In an election cycle that’s already been one of the most unpredictable in American political history, conventional wisdom took it on the chin again Monday. Here’s six things the political class had wrong about Iowa:

1. Big Turnout Helps Donald Trump

According to the experts, big crowds and long lines meant Trump’s new, non-traditional Republicans — and maybe some crossover Democrats — were showing up to caucus for the billionaire. Even Ted Cruz campaign manager Jeff Roe thought big numbers would mean a big night for Trump. As it turned out, the GOP turnout was huge —  ABC News estimated more than 180,000, compared to the 2012 record of 121,354. But the voter surge seemed to help Monday’s winner, Cruz and third-place finisher Marco Rubio more than No 2 Trump.

2. Trump Won’t Be Able to Handle Losing

Flanked on stage Monday night by his wife and adult children who took on more high-profile roles in the campaign in recent days, Trump was subdued, obviously, as befits a poll-spouting frontrunner who underperformed miserably. But even Democrat Paul Begala, commenting on CNN, said Trump showed humility in conceding to Cruz, in a speech that Begala called “great.” There were no snarky late-night tweets from @realDonaldTrump, and the New York developer assured Iowans he was “honored” to finish second and would be back: “I think I might come here and buy a farm. I love it!.”

3. Polls: Not Perfect, But Generally Reliable

Not in Iowa, not on Monday. Not only were the polls horribly off in predicting the GOP winner, most also missed the momentum shift that was taking place in both the Hillary Clinton-Bernie Sanders race and the Cruz-Trump tilt. Cruz was not plummeting. Clinton was not opening up a lead. Concession prize for pollsters: Marco Rubio was gaining momentum, but even there, surveys underestimated his surge. The Real Clear Politics average had the Florida senator at just under 17 percent in Iowa. Rubio actually finished the night at 23 percent — nipping at Trump’s heels.

4. If You Don’t Back Ethanol, You Don’t Win Iowa

Just a week or so ago, Cruz’s opposition to Iowa’s federal ethanol subsidies was being cited as the biggest reason for his drop in the polls. The state’s Republican Gov. Terry Branstad warned voters “it would be a big mistake for Iowa to support” the Texas senator, and Trump told crowds that Cruz “will destroy your ethanol business 100 percent.” With about half of the state’s corn crop going into ethanol production, questioning the subsidies has traditionally been the third rail of Iowa politics. But Cruz’s strategy wasn’t based on ethanol. It was based on evangelicals.

5. Evangelicals Willing to Settle This Time

Over and over in the days leading up to Monday’s vote, pundits explained Trump’s lead in the polls among Iowa Republicans as a sign that, this year, the “values voters” were willing to settle. Turns out evangelicals, who in years past have faithfully rewarded candidates who put faith front and center in their campaigns — Mike Huckabee in 2008 and Rick Santorum in 2012 — still want one of their own in the White House. God matters in the Hawkeye State, and no one cites more Bible verses or offers up more ‘hallelujahs’ than Cruz, who referenced Psalm 30:5 in his lengthy victory speech, telling cheering supporters frustrated by eight years of the Obama administration that, “Weeping may endure for a night, but joy cometh in the morning.”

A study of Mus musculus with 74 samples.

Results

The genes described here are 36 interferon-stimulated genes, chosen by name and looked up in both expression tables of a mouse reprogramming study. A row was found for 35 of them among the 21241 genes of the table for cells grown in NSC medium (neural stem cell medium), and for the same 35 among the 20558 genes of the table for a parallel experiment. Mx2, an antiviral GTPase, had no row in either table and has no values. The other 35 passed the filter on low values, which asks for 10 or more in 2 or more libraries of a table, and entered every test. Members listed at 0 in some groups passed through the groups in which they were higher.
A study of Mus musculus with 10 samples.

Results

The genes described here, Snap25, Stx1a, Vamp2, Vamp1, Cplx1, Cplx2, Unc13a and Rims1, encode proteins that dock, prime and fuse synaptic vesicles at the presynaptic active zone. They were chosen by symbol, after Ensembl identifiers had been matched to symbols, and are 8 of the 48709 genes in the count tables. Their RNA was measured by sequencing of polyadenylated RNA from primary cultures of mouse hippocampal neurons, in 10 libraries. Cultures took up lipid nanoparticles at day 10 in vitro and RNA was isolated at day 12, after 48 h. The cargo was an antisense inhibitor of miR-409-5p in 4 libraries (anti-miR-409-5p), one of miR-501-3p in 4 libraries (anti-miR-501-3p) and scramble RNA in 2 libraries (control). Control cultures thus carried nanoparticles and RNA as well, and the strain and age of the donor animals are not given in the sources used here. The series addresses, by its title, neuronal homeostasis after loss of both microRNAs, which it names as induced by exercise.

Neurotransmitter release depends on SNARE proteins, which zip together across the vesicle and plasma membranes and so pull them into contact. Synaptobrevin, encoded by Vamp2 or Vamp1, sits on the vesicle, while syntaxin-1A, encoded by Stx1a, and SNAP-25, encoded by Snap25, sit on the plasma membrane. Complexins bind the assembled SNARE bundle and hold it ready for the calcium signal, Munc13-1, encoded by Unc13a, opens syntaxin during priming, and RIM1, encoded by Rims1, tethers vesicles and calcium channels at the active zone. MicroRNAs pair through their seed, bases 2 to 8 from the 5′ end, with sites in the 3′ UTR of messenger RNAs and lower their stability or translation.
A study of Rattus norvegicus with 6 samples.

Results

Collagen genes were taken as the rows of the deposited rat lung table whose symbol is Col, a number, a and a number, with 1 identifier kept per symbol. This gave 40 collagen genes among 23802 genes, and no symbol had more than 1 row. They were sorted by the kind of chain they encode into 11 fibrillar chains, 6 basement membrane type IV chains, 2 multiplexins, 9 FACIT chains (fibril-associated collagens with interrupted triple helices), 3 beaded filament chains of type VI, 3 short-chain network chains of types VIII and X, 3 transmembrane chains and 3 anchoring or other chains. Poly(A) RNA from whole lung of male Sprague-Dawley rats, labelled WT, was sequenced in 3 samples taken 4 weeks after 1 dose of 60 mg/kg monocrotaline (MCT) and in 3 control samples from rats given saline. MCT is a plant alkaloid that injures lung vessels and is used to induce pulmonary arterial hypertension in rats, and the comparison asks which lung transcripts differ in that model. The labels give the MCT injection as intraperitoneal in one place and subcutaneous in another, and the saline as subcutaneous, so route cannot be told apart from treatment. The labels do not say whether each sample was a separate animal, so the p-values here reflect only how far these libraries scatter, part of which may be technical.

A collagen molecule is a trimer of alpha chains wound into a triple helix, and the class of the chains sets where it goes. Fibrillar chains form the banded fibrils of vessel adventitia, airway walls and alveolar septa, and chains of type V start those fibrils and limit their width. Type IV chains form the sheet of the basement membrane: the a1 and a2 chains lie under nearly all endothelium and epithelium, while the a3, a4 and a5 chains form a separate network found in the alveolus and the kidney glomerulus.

6. The GOP Is a Party of Old White Men

For one night, at least, the Republican Party looked more diverse than the Democrats, where two retirement-age career politicians, Sanders and Clinton, were deadlocked atop the Iowa results. By contrast, three-fifths of the state’s Republicans lined up behind a black surgeon — Ben Carson, who finished with 9 percent — and one or the other of the two young Cuban-Americans in the race, the 45-year-old Cruz who won with 28 percent, or the 44-year-old Rubio, who garnered 23 percent. Both men are sons of first-generation immigrants.

To be fair, there were a couple of things the conventional wisdom got right.

1. Don’t Skip the Debate

Some on Team Trump were quick to call the billionaire’s last-minute decision to skip the final Republican debate before Monday’s caucuses another brilliant, unconventional move that would pay off for the candidate. More experienced observers warned that Iowans take their “first-in-the-nation” status seriously and predicted voters might punish Trump. In hindsight, certainly looks like the Trump stunt backfired.

2. Organization Matters

Again, Iowans are serious about their caucus. It’s complicated, time-consuming and expensive. Candidates who put in the effort, as Cruz did (he’s been visiting and criss-crossing Iowa for three years), tend to do better. Candidates who don’t, or who find themselves with less experience at building an Iowa operation, like Trump? Not so much.